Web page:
I have kept my promise to myself to be creative this year. I've enjoyed learning how to knit--and really learning it this time, rather than getting frustrated and giving up. After I finished my scarf, I did knit James one in pretty Noro yarn that is nearly half silk.
Making his was an interesting experience which eventually led to giving the scarf a name. After recognizing that I'd started making it too narrow, I started it again. And again. Usually the third time is the charm, but I finally got it right on the sixth try. When I bought the yarn for it, I got suggestions from the employee at the shop and from a customer. The customer recommended I make the scarf in seed stitch (also known as moss stitch) and I liked the look of the sample I saw. The stitch creates a pattern that looks like this:
Now, I really did hear her when she emphasized that I should make sure I use an odd number of stitches per row if I wanted to make this pattern. Really. So how many stitches did I eventually have per row? 42. This is not, as anyone even remotely mathematically inclined can tell you, an odd number. Therefore, the pattern I got, using the same pattern of stitches--knit 1, purl 1, etc on each row--came out instead like this:
While I like the pattern much better for his scarf, I did recognize that this was, in fact, a ribbing stitch and not what I had originally intended to do. I realized that this scarf actually represented Life, The Universe, and Everything! With 42 stitches across, it was impossible for me to make the pattern I intended, just as the Ultimate Question and Answer cannot simultaneously exist. Thus did James' scarf get its name--Life, The Universe and Everything. (I suggested the Ultimate Answer, but he preferred the former.)
Sorry, Douglas, but you started it.
I don't have a picture of his scarf, as it was knitted in black yarn which doesn't want to photograph well. In one corner, in small numbers, I did embroider a 42 in dark blue yarn. James reminded me that we live in Nascar country, so if I made the number too large, someone would mistake him for a racing fan. Therefore I opted not to put the number on twice or in larger digits. This way he can share it with who he likes and no one else need know. He loves the scarf and he's already worn it to work, since I finished just prior to a late March cold snap.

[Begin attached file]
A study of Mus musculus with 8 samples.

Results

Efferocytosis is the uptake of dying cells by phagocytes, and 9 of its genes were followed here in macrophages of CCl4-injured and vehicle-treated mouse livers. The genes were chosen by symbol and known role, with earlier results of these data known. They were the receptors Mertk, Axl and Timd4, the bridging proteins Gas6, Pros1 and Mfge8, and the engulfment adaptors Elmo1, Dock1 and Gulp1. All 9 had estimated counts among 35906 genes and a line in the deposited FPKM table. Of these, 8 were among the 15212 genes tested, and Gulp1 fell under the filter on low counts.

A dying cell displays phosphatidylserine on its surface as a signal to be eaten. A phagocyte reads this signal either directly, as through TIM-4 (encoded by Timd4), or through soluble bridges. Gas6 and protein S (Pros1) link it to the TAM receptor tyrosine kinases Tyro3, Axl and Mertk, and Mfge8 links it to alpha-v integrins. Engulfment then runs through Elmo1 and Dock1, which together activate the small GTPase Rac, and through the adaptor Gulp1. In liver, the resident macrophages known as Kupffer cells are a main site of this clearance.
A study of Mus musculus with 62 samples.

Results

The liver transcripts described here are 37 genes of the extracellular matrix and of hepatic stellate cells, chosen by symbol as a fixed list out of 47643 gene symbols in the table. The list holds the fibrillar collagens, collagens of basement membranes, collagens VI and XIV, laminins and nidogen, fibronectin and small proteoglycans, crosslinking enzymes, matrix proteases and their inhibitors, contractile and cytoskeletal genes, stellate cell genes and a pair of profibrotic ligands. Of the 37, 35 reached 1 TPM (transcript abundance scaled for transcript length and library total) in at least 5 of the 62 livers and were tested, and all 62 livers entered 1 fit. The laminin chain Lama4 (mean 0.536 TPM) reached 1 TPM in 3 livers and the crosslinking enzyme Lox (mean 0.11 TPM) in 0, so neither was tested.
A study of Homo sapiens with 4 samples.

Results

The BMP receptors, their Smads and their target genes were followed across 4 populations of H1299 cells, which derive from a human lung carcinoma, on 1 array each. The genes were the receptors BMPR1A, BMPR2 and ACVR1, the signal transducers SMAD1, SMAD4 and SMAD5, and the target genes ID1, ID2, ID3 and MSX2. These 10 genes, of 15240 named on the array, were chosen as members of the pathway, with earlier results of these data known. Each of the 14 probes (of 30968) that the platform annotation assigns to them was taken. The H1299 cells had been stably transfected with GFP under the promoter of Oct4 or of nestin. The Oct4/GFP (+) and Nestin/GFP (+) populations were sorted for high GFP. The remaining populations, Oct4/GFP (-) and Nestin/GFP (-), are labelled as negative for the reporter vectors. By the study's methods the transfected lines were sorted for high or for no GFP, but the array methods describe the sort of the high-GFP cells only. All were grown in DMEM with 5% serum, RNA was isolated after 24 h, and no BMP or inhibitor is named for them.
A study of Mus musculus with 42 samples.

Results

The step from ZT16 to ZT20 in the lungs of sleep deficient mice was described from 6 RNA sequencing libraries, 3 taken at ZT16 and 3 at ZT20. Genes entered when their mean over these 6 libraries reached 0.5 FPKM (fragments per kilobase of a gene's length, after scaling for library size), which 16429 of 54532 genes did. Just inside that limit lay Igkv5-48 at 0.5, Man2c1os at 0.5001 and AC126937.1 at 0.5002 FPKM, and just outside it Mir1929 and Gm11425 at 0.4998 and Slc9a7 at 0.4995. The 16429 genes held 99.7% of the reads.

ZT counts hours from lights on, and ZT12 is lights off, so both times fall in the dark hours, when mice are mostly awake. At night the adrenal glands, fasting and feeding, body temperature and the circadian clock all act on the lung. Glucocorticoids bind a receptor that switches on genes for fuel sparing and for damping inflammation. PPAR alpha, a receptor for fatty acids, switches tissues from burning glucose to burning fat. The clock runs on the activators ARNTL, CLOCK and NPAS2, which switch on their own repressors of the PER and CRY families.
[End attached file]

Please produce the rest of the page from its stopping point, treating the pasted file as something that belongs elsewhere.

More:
After the scarf, I decided I wanted to work on something smaller and practice some techniques. I realized before I finished the second scarf that I was making mistakes and that there must be better ways to do some of what was difficult for me. After all, I should not need to start something simple six times! So I opted to work on a series of dishcloths that would give me the chance to try a few tricks and make something practical--and machine washable, since I was using cotton fabric. I've made two so far:
The one on the right is made using the moss stitch, and I am glad I didn't use it for the scarf, as it is stiff. The one above is the first one I've made actually following a pattern. I'll make probably two more, since I have one more variety of cotton yarn I haven't used, a varigated blue and white like the yarn above, and much more of the blue one on the right (the color is deceptively gray-looking in this picture). I don't know what patterns I will use yet, but I intend for them to be tutorials, as these two were.
I stocked up--and how--on yarn over the past few weeks, knowing I'd have the time to use it but not the money or the opportunity to buy it later. I've got yarn now for socks, yarn made of bamboo (really!), new yarns in gray and blue and green, not to mention the stash I already had! I know I want to try my hand at socks, another scarf, a poncho, a purse, a couple of string grocery bags, a cat bed and more dish towels. I purchased several books and copied individual ideas I liked and bookmarked dozens of websites full of patterns. Yes, this is a full-blown Robin-style obsession which will end only when I can't possibly learn any more.
Eventually I'll make more handknit things than this house and its inhabitants can possibly use. I'm trying to decide what to do then, whether to make things for gifts, for charity or for sale. I've discovered the addictively interesting Etsy website where many crafters sell their wares. With not much brainstorming I can think of dozens of items I'd willingly cross stitch and knit to sell on there, but I don't want to commit myself until I prove I can put forth the effort to make something worth selling. I doubt I could make a living doing this, but I could certainly feed my habit and earn some pocket money from others who would appreciate them. The idea of charity appeals, too, and before I left the bookstore, I found a book listing dozens of charity websites that take handknits for preemies, soldiers and underprivileged children, among others. I copied the sites that appealed to my nature and my abilities thus far.
I have several cross stitch plans too, and I think my next adventure will be in this medium. You never know, though--I may decide I need to do something else like pottery or origami or a webcomic next. I don't think it will be any of those (yet), but I am ruling nothing out permanently.